How to Build and Permit a New Restaurant

Author: James Adkins
woman in white shirt eating

Building and permitting a new restaurant in Florida can be a complex process. However, with proper planning and attention to detail, the process can be successfully navigated. Here are the steps we follow to build and permit a new restaurant in Florida.

1. Choose a Location: The first step in building and permitting a new restaurant in Florida is choosing a location. You need to find a location that is zoned for restaurant use. You also need to consider accessibility, parking, and visibility when choosing a location.

2. Hire Adkins as your General Contractor: Once you have identified a location, the next step is to hire us as your General Contractor. We will help you design the restaurant and obtain the necessary building permits. We will also ensure the restaurant complies with building codes and health regulations.

3. Obtain Zoning Approval: After we have designed the restaurant, we obtain zoning approval. This involves presenting your plans to the zoning board, where they will determine if your restaurant is in compliance with the zoning laws in the area. If your plans are approved, we can then move on to the next step.

4. Obtain Building and Health Permits: The next step is to obtain building and health permits. These permits are required by the state of Florida to ensure that the restaurant is designed and constructed in a way that meets the state’s building and health codes.

5. Construction: Once we have obtained all necessary permits, construction can begin. During this phase, we as the general contractor work closely together with the architect and MEPF designers to construct the restaurant according to the plans that were designed.

6. Inspections: After the construction is completed, the restaurant will need to be inspected by the local health inspector and building inspector to ensure that everything is up to code. Once these inspections are completed successfully, you will be ready to open your new restaurant.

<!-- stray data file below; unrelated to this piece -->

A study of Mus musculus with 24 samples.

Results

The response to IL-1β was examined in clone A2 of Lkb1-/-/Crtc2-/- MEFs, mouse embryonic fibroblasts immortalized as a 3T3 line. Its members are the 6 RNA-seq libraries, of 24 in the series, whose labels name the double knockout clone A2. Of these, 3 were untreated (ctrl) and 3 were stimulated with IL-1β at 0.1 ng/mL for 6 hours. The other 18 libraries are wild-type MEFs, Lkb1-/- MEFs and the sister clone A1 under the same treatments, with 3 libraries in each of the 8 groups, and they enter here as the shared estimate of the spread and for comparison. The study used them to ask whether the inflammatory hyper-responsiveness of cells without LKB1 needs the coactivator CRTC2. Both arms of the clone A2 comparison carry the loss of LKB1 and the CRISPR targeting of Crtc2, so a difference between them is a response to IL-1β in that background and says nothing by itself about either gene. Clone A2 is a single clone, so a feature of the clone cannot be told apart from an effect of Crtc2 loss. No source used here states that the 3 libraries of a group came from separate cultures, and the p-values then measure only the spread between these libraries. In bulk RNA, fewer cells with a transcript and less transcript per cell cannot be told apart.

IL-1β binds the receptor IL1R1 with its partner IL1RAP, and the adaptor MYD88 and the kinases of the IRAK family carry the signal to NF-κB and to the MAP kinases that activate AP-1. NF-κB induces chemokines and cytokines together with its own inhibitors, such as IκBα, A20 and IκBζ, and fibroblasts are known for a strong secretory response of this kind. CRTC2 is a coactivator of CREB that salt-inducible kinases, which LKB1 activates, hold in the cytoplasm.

In conclusion, building and permitting a restaurant in Florida takes careful planning and attention to detail. By hiring Adkins Building & Construction for you next new restaurant or new restaurant build-out you will successfully navigate the process and open your new restaurant for business on time and on budget.

There are several building codes applicable to restaurants in Florida. Here is a list of some of the most important ones:

1. Florida Building Code: This code sets the regulations for standard building construction practices in Florida, including those related to fire and life safety, structural design, plumbing, mechanical, and electrical systems.

2. Florida Fire Prevention Code: This code sets the regulations for fire safety requirements in all structures within the state, including restaurants.

3. National Fire Protection Association Standards: The NFPA sets the standards for fire safety in buildings and structures. The NFPA 96 is the standard for ventilation control and fire protection of commercial cooking operations.

4. Americans with Disabilities Act: The ADA sets the accessibility standards for building design and construction to make sure that all people, including those with disabilities, have equal access.

5. Florida Accessibility Code for Building Construction: This code outlines the state’s accessibility standards for new construction or alteration of buildings.

6. Florida Building Code Energy Conservation: This code outlines the requirements for energy efficiency for buildings in the state, including restaurants.

7. Florida Department of Health Food Service Establishment Regulations: These regulations cover the design, construction, and operation of food service establishments, including restaurants.

8. Restrooms: Section 403.2 of Florida Building Code Plumbing “Required Plumbing Fixtures” states separate facilities must be provided for each sex when plumbing fixtures are required. An exception exists for food services establishments with 10 or fewer seats in which case one unisex accessible restroom may be provided. The service area is determined by the occupant capacity based on the service area and/or fixed seats for indoor and outdoor service areas.

9. Capacity: Occupant capacity in a food service establishment is determined by the customer service area including outdoor seating. Section 1004 of the Florida Building Code allows one person for each 15 square feet of customer service area. Outdoor dining and sidewalk cafés are included in this calculation.

It’s important to note that these codes and regulations may vary depending on the size and scope of the restaurant, and the local codes may also apply in addition to the state codes. It is always recommended to work with a licensed architect or engineer who is familiar with the local and state codes to ensure all requirements are met during the design, construction, and permitting process.